Reducing the sounds from HVAC systems

Often, people try to carefully curate the sounds in their lives to create an enjoyable day-to-day environment.

The importance of soothing sounds has led to sleep apps to be valued in the millions and YouTube videos of people folding towels or reading softly to attract an audience of millions of viewers. At times, I can get sucked into a wormhole of soap cutting ASMR, or autonomous sensory meridian response, videos that are so oddly satisfying and relaxing that time effortlessly flutters away without any realization.

A well-functioning HVAC system will produce a humming that easily blends into the background and becomes a pleasant white noise like ocean waves. However, many HVAC mechanical noises can create a disturbance when they become too loud or stand out from the other room sounds.


HVAC location is important for noise control. Noisy mechanical equipment needs to be as far away as possible from noise-sensitive locations in your buildings such as classrooms, performance areas, offices, etc.

It is recommended for the mechanical equipment to be in a basement room, below grade, far from the sensitive areas of the building. Buffer spaces that are not sensitive to noise should be located closest to mechanical rooms.

If the unit must be adjacent to noise-sensitive spaces, then the equipment will need to have a noise-blocking enclosure. Consideration must additionally be given to the equipment itself in this situation, and the absolute quietest system needs to be selected, which typically adds to the cost of the project. Walls may need to be thicker and may also require double stud wall partitions or double-width concrete masonry unit (CMU) walls.

Sound can be transmitted from one level’s floor to the deck of the level below. Sound can also be transmitted from sidewall to sidewall. This is an important aspect to consider because the noise from the mechanical room can still propagate if noise transmission relief is not properly considered.


The continuous low sounds like distant thunder, a passing train, or a convoy of tanks passing through streets is rumble. It is also a common noise complaint in HVAC systems because it is so hard to focus on anything other than the sound.

The first step to finding the solution is cleaning the fan blades on the air handler. Although this would be the quicker and easier solution, the fans can be large and heavy making it more difficult. When cleaning the fan blades, check every part to ensure it is running efficiently. Balance the spindle, lubricate the bearings and pay close attention to detail to ensure it rotates smoothly and silently.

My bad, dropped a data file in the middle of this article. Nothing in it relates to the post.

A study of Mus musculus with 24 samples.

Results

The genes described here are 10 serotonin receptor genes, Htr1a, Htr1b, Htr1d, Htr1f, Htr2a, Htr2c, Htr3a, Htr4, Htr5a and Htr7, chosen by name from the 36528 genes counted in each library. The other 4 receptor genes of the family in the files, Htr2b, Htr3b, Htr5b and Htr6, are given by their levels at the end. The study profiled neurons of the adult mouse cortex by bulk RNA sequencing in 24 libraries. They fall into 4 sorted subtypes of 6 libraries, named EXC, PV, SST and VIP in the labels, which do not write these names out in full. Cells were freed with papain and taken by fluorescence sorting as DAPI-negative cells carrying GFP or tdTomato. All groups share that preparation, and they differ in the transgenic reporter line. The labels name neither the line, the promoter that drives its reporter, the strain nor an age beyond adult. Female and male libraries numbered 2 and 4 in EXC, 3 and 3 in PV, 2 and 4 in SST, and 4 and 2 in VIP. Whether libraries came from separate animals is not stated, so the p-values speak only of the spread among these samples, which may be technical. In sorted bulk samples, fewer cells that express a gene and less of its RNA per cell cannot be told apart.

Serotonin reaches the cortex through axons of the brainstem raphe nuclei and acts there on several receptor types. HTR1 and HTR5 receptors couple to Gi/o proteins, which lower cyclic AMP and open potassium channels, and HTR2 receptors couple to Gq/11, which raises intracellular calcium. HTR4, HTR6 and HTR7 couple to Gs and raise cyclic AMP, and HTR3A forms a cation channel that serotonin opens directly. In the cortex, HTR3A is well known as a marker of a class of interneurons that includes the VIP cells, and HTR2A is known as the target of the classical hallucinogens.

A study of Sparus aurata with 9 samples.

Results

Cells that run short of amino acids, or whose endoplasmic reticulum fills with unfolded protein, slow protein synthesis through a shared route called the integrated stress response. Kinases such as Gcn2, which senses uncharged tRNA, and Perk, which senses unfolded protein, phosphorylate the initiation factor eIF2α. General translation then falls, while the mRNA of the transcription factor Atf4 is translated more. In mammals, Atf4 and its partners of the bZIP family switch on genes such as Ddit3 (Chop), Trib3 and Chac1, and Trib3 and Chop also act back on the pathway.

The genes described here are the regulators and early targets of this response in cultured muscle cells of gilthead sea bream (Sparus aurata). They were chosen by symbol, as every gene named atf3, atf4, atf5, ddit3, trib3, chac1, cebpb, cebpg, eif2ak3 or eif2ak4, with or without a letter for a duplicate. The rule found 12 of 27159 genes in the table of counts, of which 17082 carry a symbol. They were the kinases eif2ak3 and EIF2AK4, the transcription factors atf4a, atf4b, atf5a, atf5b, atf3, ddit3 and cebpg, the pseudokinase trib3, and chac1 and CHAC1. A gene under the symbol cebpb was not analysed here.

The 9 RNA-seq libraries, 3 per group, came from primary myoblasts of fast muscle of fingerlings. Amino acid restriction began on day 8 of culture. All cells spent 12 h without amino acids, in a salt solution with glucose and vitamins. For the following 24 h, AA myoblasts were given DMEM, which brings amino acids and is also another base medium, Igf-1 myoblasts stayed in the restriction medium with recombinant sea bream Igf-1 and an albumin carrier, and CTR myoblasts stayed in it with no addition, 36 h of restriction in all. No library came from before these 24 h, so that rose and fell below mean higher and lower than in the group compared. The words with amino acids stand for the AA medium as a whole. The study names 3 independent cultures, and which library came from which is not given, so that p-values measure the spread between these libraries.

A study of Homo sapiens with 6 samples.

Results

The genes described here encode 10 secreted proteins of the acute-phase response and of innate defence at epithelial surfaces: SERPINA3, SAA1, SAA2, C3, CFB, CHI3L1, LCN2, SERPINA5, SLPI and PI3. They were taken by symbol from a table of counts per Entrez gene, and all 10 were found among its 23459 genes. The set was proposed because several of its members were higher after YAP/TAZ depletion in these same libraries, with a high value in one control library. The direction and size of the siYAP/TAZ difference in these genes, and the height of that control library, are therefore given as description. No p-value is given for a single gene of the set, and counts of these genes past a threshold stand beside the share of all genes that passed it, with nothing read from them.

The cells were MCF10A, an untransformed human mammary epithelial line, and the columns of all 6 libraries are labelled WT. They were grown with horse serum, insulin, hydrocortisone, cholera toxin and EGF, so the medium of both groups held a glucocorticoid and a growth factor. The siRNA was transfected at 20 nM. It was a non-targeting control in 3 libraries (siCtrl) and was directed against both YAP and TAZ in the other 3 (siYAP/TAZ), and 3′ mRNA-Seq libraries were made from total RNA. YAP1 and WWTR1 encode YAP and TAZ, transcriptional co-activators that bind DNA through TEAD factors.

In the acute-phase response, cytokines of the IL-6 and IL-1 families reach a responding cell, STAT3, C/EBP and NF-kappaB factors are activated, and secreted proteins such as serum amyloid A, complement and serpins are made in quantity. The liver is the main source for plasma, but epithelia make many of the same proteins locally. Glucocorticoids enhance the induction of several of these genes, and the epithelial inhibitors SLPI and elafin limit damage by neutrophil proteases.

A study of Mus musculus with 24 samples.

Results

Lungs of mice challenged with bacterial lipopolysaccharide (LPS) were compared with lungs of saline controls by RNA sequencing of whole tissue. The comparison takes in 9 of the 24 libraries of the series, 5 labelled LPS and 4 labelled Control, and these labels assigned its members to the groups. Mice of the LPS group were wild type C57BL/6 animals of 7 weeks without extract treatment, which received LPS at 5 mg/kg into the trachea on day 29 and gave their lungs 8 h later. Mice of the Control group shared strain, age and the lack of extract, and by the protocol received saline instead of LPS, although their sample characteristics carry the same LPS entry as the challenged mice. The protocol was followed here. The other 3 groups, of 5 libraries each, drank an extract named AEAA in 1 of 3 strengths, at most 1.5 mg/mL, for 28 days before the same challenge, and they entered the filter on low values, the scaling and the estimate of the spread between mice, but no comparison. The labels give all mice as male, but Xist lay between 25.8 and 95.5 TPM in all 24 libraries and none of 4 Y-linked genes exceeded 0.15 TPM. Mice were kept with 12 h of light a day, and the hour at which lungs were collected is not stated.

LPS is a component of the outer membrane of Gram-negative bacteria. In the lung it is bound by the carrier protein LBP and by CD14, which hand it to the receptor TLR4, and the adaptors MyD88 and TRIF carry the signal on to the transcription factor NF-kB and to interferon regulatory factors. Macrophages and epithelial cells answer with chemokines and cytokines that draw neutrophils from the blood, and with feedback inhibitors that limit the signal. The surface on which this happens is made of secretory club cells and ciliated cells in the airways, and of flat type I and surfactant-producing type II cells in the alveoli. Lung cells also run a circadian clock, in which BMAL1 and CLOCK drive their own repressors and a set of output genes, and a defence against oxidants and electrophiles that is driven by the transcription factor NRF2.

The second step in stopping the rumble is to isolate both the air handler and compressor mechanically from the building structure. Typically, spring isolators are used here, either mounted to the floor or hung from the ceiling.


Larger ductwork, particularly near terminal outlets, reduces air velocity. Ducting is a common source of noise because they tend to funnel the air handler’s noise directly to the space that is being heated or cooled. If you remember connecting two cans with a piece of string in your childhood, this is a similar concept, the sound is meant to travel down the specified path. Ducts can be lined with insulating material to keep the noise inside the duct.


There are three types of silencers: dissipative, reactive, and active. When selecting a silencer, there are three main considerations to address:

  • Insertion loss – the difference between sound-pressure levels measured at the same point before and after a silencer is installed
  • Static pressure drop – the pressure drop across the silencer
  • Regenerated sound – sound generated by airflow through the silencer

A silencer that is placed closer than three duct diameters from a duct element, such as an elbow, will produce a significant increase in static pressure drop across the silencer. This will typically increase the fan and silencer’s airflow-generated noise.

The side and center pods of dissipative and reactive silencer are made of perforated sheet metal, and the cavities of dissipative silencers are filled with either fiber glass or mineral wool. The cavities of reactive silencer pods are tuned chambers with no filling materials. Because of the tuning in a reactive silencer, sound absorption is more difficult to achieve.

Active duct silencers produce inverse sound waves, cancelling unwanted sounds. They reduce low-frequency, pure-tone, and broadband sound effectively. An active duct silencer consists of a microprocessor, two microphones placed a distance apart in a duct, and a speaker placed between the microphones and mounted externally but radiating sound into the duct.

Active duct silencers should not be used in situations where airflow velocity is greater than 1,500 fpm, or where there are duct elements or transitions that can generate significant turbulence.


The designs of modern spaces, particularly offices, provides much more open space for collaboration and a lot of industrial designs that include hard materials such as metal and glass. These designs promote productivity, boost workplace culture and attitudes, and look beautiful. However, sound tends to bounce around in areas with these design features.

For improved noise control, incorporate sound-absorbing materials into your workspaces. For example, acoustic panels can be incorporated in a larger room to absorb sound, soft materials such as drapes and pillows is a decorative way to achieve noise reduction, and introducing partitions into a room will block sound from outside areas.

 What works well for one building may not work for another, ultimately the best strategies will come from looking at your building occupant’s specific needs. Start the conversation in your building to address how the occupants in your building would like to improve sound control in the building to provide more day-to-day comfort.